This article was originally posted in the Credit Union Journal. You can read the original here.
While mobile banking for consumers has become common, businesses are now demanding mobile banking services as well. Despite this demand, business banking continues to lag behind other digital solutions in terms of mobile usage and adoption, representing a significant opportunity for credit unions. While the majority of business banking activity currently takes place on a desktop, momentum is shifting to more mobile usage. Credit unions that offer business banking apps with features and capabilities that provide value — such as receiving faster payments and operating more efficiently regardless of location — are able to deepen and expand relationships with members. In today’s digital environment, this gives credit unions a competitive advantage against other institutions and third-party providers.
To date, financial institutions have largely failed to deliver purpose-built apps for businesses. There are few business mobile stand-alone apps in the App Store and Google Play. According to Malauzai’s own research, approximately 400 institutions have launched a business-specific mobile app, compared to over 6,000 consumer mobile banking apps. When credit unions do offer them, Malauzai’s Monkey Insights shows that only 15% of business members are choosing to access via a mobile device. This, again, is far short of the consumer numbers, where 40% of usage comes via mobile devices.
In contrast, when we look at digital banking in a more general sense, we know businesses use the digital channel frequently, but the data tells us that the business user stays on the desktop. Business members access four times a week and stay online almost 7 minutes per session—300% longer than a retail consumer.
Why are we surprised that less than 10% of business employees accessing the digital channel use a mobile device? And how can the industry begin to change this?
The days of servicing business clients with retail technology are gone. It begins with advanced entitlements. Businesses with multiple users should be able to allow certain users to perform transactions while others can only view balances. In fact, many of the best business mobile solutions inherit these entitlements from the Internet business banking solutions. This dramatically reduces setup time for business mobile and ensures that the mobile and web channels stay in sync.
Features which have little applicability for consumers – such as approving an ACH payment or wire while on the go – should be provided in business mobile apps. The required approval process is a perfect example of where mobile banking adds huge value to the business. In the past, approvals of wires and ACH were only available on the desktop through the web. Now, a business user who is responsible for approving large payments can be on the go when they receive a notification that a payment is pending and complete the transaction, all while out of the office.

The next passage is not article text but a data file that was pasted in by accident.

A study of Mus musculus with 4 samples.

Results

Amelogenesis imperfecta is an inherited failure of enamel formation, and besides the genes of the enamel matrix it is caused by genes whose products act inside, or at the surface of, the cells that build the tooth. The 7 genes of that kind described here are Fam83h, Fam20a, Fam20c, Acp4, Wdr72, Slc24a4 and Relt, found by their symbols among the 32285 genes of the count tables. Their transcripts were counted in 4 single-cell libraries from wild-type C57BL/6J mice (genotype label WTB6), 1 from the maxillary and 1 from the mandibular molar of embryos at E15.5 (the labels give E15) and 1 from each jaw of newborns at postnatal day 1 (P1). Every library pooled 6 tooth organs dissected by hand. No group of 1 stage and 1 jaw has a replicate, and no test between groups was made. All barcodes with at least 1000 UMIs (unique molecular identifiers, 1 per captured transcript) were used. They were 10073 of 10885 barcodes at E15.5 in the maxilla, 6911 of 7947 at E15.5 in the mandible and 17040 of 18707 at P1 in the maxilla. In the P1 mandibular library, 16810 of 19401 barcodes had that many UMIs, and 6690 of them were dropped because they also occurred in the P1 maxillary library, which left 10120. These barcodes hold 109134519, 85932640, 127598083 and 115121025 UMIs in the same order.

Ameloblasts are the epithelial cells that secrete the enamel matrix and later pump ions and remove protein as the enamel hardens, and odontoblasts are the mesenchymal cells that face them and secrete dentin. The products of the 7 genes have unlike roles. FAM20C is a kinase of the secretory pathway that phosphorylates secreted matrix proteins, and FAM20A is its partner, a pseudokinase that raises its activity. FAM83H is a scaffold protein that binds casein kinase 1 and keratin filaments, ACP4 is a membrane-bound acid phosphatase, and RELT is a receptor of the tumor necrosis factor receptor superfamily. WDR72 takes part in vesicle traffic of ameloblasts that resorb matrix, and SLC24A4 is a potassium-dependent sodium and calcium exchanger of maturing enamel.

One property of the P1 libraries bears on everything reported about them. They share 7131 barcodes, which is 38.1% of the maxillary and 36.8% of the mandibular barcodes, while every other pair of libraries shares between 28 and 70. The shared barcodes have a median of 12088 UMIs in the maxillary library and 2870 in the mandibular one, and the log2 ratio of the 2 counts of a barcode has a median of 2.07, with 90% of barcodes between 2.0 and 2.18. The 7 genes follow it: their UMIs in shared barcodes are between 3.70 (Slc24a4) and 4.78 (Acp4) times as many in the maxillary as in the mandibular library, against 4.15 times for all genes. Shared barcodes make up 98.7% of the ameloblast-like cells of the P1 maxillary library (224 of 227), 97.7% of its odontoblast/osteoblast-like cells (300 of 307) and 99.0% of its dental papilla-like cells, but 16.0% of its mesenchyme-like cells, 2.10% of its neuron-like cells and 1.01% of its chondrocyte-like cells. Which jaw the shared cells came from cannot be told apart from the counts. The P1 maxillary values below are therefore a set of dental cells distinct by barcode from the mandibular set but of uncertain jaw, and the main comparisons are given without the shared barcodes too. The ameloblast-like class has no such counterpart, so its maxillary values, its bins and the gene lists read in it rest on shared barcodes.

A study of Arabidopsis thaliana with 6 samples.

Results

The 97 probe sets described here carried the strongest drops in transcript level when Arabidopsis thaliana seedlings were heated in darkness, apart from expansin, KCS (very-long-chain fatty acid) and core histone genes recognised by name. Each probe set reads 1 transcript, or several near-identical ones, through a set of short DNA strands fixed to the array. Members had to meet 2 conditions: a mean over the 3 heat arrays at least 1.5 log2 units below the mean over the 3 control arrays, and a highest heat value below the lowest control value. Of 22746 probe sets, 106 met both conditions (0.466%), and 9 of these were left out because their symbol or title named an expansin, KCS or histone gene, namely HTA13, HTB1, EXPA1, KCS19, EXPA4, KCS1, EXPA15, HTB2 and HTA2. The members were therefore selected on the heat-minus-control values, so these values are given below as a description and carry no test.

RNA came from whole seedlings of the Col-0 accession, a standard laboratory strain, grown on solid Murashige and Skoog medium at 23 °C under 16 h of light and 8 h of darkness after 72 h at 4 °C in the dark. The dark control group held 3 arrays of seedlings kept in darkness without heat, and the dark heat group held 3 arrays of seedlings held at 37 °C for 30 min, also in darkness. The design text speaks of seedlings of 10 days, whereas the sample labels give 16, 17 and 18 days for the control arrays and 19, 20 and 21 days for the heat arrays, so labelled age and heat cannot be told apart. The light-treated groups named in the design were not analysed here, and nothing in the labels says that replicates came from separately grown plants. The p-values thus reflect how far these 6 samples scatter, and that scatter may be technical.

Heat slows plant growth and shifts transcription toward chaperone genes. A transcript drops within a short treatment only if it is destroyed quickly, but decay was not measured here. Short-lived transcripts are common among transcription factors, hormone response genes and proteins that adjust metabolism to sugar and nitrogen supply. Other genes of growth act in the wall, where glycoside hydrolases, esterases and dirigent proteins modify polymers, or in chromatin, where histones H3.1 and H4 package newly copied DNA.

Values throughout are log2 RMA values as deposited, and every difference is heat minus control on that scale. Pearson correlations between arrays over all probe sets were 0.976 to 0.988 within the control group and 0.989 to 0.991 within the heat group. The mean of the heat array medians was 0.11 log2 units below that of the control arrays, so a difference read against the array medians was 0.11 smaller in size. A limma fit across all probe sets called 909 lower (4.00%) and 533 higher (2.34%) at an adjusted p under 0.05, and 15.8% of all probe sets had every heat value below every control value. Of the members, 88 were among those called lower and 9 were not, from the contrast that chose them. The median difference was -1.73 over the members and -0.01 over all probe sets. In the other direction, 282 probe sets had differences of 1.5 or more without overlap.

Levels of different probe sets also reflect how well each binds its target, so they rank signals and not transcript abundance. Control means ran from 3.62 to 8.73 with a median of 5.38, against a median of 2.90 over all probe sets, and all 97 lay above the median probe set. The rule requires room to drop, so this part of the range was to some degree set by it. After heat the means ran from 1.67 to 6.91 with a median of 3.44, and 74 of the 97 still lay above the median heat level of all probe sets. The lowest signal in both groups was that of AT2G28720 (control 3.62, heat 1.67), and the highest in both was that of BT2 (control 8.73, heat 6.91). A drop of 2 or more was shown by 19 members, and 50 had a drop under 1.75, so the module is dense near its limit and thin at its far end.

Other features, such as seeing positive pay items and releasing them for processing, can add tremendous value to how a credit union services a corporate member. Viewing e-statements or paying bills with business bill pay are additional examples of conveniences needed by businesses. All of this must be secured with advanced features that are already in place on the desktop, such as the use of tokens for login or out-of-band authentication for high risk and high-value transactions. In fact, security for business mobile is paramount, as the risk of fraud is potentially higher than in the consumer channel.
The data doesn’t lie: Mobile business banking has failed. Very few credit unions have launched purpose-built stand-alone apps for business members and those that have seen very low usage.
Is that because there is no usefulness and demand? Or is it that the apps have failed to excite businesses and credit unions in terms of features and functions? Will businesses ever flock to mobile? Can we overcome certain perceptions such as the idea that business owners don’t want business employees to have the banking app on their personal phones? And possibly, as business owners shift towards the younger generations, might mobile banking be more important? Do current business owners, generally tending towards the older generations, care enough to embrace mobile?
What we do know is businesses are slow to embrace mobile in a very general sense. Less than 10% of businesses with websites have a native app in the App Store, according to Malauzai’s own research. Maybe their lack of use of mobile banking is influenced by the fact that the typical business just doesn’t care about mobile.
…Or maybe they do! The most successful mobile payments app comes from a business – Starbucks, a retailer publishing is own app and profoundly changing how they take payments (over 30% of payments come through the app). And more shops are following suit. WalmartPay has experienced serious growth in the past few quarters, and others such as CVS and Target are jumping in with their own payment-oriented apps. Clearly a value exists. It is possible that payments can be a driver for business mobile.
While today’s businesses are not currently using the mobile channel, it is not so much a failure of businesses or of marketing, but an inability to address the problems businesses may have with the mobile channel. Business mobile and business digital, in general, have the potential to succeed. The value proposition is there, just not fully materialized. Maybe adding payments can help. Whatever the driver, the initial failure of mobile for businesses will lead to innovation, and in the end businesses will benefit.